Understanding your survey’s Net Promoter Score calculation

Net Promoter Score (NPS) is a popular customer loyalty tracking metric that is frequently included within consumer surveys.

NPS is based upon on a simple premise; growth of your business is directly related to your customer’s willingness to “promote” or recommend your product or services to others.  Think of NPS as a “bottom line” tracking metric that summarizes your customer’s experiences and loyalty into one understandable and explainable measure.

The NPS calculation starts with a survey data containing the question “On a scale of 0 to 10, what is the likelihood that you would recommend this (product or service) to a friend or relative?”

The score behind the NPS is calculated by subtracting the percentage of the bottom 7 box responses, in other words those indicating they would be very unlikely to recommend, from the percentage of the top 2 box responses, or respondents that would be very likely to recommend, as depicted within the illustration below.

NPS scores can take on any value within the range of 100% to -100%, with 100% being the desired or objective NPS.

The point of collecting and tracking NPS metric is to take action when the NPS data suggests room for improvement.   An NPS score in isolation has limited value; perspective is required to bring meaning to the data.   Perspective can be obtained by tracking of the NPS score over time, by comparing the NPS score with NPS scores of similar products or services, or by segmenting the survey data by respondent subgroups and comparing the NPS scores of the subgroups.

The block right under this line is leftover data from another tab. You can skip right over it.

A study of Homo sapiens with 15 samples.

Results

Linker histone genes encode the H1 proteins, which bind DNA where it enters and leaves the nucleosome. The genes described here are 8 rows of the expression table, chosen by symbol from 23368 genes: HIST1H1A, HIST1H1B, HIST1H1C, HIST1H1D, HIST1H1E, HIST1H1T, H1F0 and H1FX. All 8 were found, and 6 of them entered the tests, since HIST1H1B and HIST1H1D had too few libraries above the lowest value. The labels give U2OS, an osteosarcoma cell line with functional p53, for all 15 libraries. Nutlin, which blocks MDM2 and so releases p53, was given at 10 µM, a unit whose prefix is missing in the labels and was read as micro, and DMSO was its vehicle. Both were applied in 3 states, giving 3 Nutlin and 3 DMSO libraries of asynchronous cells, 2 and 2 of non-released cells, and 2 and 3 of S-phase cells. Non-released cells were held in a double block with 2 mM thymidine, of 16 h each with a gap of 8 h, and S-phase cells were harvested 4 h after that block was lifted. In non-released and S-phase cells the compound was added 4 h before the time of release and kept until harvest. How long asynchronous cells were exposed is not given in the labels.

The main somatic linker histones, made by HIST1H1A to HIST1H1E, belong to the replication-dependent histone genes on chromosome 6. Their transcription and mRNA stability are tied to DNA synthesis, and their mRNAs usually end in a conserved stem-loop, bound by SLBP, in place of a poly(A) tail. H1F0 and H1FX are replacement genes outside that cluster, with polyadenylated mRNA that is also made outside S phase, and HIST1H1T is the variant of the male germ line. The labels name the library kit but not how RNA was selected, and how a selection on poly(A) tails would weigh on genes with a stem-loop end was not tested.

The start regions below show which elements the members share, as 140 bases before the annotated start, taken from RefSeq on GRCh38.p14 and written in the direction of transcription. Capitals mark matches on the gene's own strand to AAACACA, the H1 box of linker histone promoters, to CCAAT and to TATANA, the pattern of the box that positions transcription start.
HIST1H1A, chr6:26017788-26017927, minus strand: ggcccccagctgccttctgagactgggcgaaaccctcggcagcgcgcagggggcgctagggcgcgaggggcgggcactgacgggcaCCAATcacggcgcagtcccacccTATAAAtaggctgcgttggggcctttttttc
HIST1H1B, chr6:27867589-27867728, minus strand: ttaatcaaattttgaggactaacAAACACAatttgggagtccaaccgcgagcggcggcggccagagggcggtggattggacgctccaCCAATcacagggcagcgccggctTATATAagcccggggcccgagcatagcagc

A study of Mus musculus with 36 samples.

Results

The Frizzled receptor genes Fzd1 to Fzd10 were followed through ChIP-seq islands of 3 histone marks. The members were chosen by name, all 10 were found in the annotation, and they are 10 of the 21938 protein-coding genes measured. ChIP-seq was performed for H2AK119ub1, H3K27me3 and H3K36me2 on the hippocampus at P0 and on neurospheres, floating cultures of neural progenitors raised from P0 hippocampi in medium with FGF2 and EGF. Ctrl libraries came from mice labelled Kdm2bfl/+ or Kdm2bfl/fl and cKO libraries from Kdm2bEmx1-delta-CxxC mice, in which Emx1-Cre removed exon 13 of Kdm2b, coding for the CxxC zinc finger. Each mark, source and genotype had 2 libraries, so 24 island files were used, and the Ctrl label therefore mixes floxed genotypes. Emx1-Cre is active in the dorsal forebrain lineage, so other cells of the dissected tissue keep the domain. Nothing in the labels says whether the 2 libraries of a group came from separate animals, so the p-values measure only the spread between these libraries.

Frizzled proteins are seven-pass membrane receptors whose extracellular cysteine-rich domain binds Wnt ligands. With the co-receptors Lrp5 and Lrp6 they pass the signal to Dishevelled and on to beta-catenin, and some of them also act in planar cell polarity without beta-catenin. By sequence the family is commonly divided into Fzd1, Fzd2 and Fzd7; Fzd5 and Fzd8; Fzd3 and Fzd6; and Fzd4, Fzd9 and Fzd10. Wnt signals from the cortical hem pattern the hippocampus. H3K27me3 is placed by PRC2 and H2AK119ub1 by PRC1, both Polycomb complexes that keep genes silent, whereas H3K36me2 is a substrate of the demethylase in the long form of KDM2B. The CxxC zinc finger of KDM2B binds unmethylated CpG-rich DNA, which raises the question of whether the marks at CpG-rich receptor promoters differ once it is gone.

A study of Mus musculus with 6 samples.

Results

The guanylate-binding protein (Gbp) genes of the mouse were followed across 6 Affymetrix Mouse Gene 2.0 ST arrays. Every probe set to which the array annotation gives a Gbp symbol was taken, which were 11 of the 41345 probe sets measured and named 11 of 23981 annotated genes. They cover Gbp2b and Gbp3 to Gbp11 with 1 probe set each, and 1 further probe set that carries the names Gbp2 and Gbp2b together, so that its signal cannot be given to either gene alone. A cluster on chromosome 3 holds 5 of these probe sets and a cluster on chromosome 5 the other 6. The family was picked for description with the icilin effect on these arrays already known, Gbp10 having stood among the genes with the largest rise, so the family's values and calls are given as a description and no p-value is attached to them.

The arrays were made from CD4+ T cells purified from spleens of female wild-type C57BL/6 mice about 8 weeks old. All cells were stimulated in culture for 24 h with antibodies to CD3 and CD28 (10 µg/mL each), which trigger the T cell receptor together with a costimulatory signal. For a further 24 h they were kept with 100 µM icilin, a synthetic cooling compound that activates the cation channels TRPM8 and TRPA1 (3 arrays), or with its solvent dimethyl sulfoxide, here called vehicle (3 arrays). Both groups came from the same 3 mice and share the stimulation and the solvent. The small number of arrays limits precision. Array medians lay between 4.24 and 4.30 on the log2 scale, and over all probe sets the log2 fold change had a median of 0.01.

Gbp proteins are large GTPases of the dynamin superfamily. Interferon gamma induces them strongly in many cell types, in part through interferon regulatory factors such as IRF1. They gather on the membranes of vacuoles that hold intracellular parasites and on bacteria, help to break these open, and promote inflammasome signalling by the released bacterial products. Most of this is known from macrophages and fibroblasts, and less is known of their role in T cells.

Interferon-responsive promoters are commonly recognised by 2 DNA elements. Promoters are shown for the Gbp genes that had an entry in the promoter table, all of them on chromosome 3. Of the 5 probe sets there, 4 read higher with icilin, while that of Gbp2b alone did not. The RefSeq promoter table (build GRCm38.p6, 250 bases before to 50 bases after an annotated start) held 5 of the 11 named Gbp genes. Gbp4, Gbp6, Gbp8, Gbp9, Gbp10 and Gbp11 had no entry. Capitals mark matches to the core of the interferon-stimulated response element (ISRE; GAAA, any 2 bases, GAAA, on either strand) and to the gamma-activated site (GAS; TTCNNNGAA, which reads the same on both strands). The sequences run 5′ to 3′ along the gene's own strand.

Segmenting of the respondent data is made possible through secondary data that can be linked to the respondent (example: receipt transaction number linking to CRM data) or through additional structured and unstructured data presented to the respondent within the survey questionnaire.   It is extremely important to include the appropriate survey questions that will provide for a meaningful segmentation of the NPS results.

For example, you would want to know the NPS differences between heavy user and light user segments, especially if heavy users comprise the vast majority of your current sales volume.   If you don’t have a way of determining segmentation from your survey or secondary data sources, then you may be missing out on a key opportunity to gain additional insight from your NPS data.

There are many other factors that direct relate to the value of NPS metric such as sampling, sample size, and the percentage answering the NPS survey question.

PAI would welcome the opportunity to demonstrate how PAI’s mTAB™ service would benefit your understanding of the meaning implications of your NPS metrics.  Please visit the PAI website to schedule a no-obligation review of your current NPS program.